Bare Metal: A platform with no operating system, often just a single processor with a fully populated memory space. Often the platform is used with a basic semihost library and referred to as a user-mode simulation.
Binary interception: The monitoring by a simulator of the execution of application code by a processor model so that the simulator can change its behavior without having to modify the application.
Core: Autonomous execution unit, usually defined by having its own program counter (PC).
Cycle Accurate Model: A model that represents the implementation details of a processor including its pipelines, and cycle by cycle state changes. (as opposed to Instruction Accurate)
Debug target: Execution unit that is recognized by a debugger. Usually equivalent to a Core, but might not be.
DMI: Direct Memory Interface. (In TLM2.0) circumvention of the transaction mechanism, giving a processor model direct access to a memory model. When enabled this can speed up a simulation by orders of magnitude, but loses the ability to observe or analyze bus transactions.
Instance: Copy of the part of a model that holds its state. Some simulators can load a model once, then simultaneously simulate several instances without interference between them.
Instruction Accurate Model: A model that represents the functionality of a processors instruction execution without regard to artifacts like pipelines. Only instruction boundaries are visible. (as opposed to Cycle Accurate).
Instruction Set Simulator: (ISS) A program that when run executes a model of a CPU allowing its instructions to be executed. Normally allows some connection to a debugger, and normally includes modeling of program/data memory and no peripherals.
MIPS: Million Instructions Per Second. A measure of processor speed (not to be confused with MIPS Technologies, Inc, a processor IP vendor).
Model: Software simulation model of a processor or processor family.
Multicore: A processor containing more than one core.
OVPsim: Simulator that implements a subset of the OVP APIs, available from the OVPworld website.
Platform: Software model of a complete circuit comprising processors, memory, buses and peripherals. The simulation is accurate enough for software development but not for accurately predicting system performance..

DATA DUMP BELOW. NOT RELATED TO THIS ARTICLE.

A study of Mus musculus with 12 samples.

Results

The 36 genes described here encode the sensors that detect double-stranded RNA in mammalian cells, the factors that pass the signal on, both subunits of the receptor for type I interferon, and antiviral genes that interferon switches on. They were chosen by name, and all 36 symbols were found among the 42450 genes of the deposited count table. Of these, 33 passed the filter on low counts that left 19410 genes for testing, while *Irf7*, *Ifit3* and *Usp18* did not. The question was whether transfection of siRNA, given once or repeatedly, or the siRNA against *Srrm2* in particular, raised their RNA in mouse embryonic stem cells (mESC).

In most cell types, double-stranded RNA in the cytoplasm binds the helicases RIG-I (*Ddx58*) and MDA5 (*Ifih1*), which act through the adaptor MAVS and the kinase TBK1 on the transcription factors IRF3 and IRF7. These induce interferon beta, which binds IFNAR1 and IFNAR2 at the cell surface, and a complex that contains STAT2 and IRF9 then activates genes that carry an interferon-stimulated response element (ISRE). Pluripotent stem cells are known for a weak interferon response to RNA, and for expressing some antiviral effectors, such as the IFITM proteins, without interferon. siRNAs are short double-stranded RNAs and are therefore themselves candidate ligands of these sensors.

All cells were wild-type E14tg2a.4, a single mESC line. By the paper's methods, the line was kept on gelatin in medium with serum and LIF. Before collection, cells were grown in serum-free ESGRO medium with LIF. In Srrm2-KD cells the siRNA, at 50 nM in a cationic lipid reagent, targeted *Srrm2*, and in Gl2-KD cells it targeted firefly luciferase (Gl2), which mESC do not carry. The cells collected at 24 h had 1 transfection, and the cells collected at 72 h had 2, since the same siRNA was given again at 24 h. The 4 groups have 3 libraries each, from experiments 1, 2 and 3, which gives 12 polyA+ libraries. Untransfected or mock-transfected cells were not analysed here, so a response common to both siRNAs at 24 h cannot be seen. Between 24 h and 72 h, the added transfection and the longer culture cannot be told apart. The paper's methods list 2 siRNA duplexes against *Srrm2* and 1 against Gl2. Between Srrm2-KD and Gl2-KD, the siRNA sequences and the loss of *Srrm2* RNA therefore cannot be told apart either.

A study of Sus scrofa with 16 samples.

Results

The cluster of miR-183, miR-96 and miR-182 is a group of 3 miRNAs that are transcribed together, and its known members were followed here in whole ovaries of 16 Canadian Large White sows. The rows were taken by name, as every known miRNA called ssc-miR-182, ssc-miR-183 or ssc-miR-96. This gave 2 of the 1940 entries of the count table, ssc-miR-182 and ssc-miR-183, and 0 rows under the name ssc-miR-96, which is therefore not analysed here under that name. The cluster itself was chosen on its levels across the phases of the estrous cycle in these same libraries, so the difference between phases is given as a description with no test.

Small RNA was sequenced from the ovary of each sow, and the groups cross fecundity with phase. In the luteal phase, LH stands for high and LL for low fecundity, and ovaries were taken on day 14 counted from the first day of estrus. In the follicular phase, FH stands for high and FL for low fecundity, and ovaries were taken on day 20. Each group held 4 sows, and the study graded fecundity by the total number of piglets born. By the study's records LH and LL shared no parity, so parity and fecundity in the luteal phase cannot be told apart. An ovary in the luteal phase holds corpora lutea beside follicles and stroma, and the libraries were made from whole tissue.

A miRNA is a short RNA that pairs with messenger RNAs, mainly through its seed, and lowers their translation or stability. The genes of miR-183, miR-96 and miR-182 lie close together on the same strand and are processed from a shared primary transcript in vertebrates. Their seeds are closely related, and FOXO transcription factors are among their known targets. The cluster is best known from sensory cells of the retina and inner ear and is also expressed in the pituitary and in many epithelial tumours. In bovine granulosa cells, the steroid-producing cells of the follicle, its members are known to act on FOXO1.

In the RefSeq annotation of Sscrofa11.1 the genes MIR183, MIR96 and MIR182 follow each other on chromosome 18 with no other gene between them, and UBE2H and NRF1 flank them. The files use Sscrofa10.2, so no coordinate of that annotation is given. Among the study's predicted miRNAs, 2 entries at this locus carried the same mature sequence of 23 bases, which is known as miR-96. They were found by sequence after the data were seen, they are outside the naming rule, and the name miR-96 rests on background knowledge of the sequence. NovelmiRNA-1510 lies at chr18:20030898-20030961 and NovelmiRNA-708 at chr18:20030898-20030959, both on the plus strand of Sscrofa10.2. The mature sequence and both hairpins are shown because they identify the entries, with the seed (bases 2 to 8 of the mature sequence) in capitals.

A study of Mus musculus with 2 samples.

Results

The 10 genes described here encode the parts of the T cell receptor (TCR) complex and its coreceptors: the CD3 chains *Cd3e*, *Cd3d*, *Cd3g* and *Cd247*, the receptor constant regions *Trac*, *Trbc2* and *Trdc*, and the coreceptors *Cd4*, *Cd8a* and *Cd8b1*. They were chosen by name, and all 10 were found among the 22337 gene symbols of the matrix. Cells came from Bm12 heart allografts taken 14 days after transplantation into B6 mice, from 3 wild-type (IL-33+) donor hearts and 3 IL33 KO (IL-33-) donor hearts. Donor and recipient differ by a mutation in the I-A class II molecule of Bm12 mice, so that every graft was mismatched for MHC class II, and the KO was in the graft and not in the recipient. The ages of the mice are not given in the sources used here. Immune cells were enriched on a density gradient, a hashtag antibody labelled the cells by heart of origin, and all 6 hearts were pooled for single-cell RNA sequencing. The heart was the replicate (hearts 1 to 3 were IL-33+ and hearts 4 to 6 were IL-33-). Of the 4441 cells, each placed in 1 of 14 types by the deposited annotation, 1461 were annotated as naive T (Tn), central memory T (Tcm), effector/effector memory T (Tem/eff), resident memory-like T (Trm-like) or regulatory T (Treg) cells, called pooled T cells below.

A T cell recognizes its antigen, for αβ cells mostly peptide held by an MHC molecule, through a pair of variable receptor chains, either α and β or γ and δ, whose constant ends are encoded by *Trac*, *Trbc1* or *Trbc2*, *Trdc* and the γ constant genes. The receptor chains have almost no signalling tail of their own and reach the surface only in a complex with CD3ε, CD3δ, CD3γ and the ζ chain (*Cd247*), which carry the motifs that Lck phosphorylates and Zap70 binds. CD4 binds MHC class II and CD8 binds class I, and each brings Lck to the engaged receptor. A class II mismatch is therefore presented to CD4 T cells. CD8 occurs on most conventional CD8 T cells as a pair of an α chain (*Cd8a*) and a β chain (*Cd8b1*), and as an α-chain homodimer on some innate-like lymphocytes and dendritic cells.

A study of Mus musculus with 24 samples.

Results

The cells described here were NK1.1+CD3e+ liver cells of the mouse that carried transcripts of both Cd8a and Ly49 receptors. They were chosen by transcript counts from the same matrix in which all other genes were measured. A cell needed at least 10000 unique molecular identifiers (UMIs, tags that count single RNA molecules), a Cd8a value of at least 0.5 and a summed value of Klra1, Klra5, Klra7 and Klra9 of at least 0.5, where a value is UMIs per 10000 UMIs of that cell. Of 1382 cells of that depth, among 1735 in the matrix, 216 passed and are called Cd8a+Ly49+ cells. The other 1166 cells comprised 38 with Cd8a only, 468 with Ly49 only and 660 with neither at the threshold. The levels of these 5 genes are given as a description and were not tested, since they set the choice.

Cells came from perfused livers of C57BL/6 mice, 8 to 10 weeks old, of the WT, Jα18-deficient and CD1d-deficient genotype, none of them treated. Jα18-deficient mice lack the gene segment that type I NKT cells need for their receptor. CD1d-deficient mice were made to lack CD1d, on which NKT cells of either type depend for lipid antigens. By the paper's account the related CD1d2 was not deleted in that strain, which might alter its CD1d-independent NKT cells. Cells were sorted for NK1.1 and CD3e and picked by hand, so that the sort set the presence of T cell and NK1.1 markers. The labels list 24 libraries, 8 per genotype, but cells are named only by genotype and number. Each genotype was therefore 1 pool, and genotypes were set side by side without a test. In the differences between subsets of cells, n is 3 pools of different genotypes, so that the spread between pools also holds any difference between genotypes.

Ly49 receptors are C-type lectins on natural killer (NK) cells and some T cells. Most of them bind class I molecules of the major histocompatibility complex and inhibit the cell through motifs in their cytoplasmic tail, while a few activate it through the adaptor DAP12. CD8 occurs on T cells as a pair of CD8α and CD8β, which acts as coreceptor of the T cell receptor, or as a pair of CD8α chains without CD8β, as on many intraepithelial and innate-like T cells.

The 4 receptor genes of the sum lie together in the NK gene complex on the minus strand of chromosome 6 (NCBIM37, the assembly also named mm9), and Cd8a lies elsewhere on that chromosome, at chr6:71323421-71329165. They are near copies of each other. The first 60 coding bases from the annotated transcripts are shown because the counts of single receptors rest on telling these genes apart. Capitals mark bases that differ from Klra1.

Processor: Indivisible device provided by a silicon vendor or licensor. Can be supplied as RTL, layout or finished silicon.
Quantum: (In multiprocessor simulation) A time period in which each processor in turn simulates a certain number of instructions. Simulated time is advanced only at the end of a quantum, so this is limit of timing accuracy of the simulation. The quantum is usually fixed for the duration of a simulation, but can be changed (at the start of a new quantum).
Semihosting: Interception by the simulator of calls in the application to I/O functions and the passing of the calls to the host operating system.
Sparse memory: Simulated memory is created by the OVP simulator as it is used; unused regions are not allocated. Therefore the simulator can create a model of a memory larger than that of the host computer.
TLB: Translation Look-aside Buffer. Part of a processor’s VM controller.
Variant: A configuration setting of a model to represent a specific vendor processor, for example to configure the generic MIPS model to be MIPS 24KEc.
Virtual Platform: as Platform.
VM: Virtual Memory or Virtual Memory controller. Hardware that allows a processor to simultaneously execute several programs without interfering with each other.
Multiprocessor Simulation: Processors in multiprocessor platforms do not execute simultaneously; for efficiency each processor advances a certain number of instructions in turn. Increasing the number of instructions run on one processor in one turn (quantum) will reduce the time spent by the simulator switching context, so will improve simulation speed. However, it will also increase the chance that interactions between processors will be inaccurate with respect to the timing, especially if they communicate through shared memory. This mechanism is used in C, and C++, and SystemC TLM.0 platforms.
Currently available Fast Processor Model Families.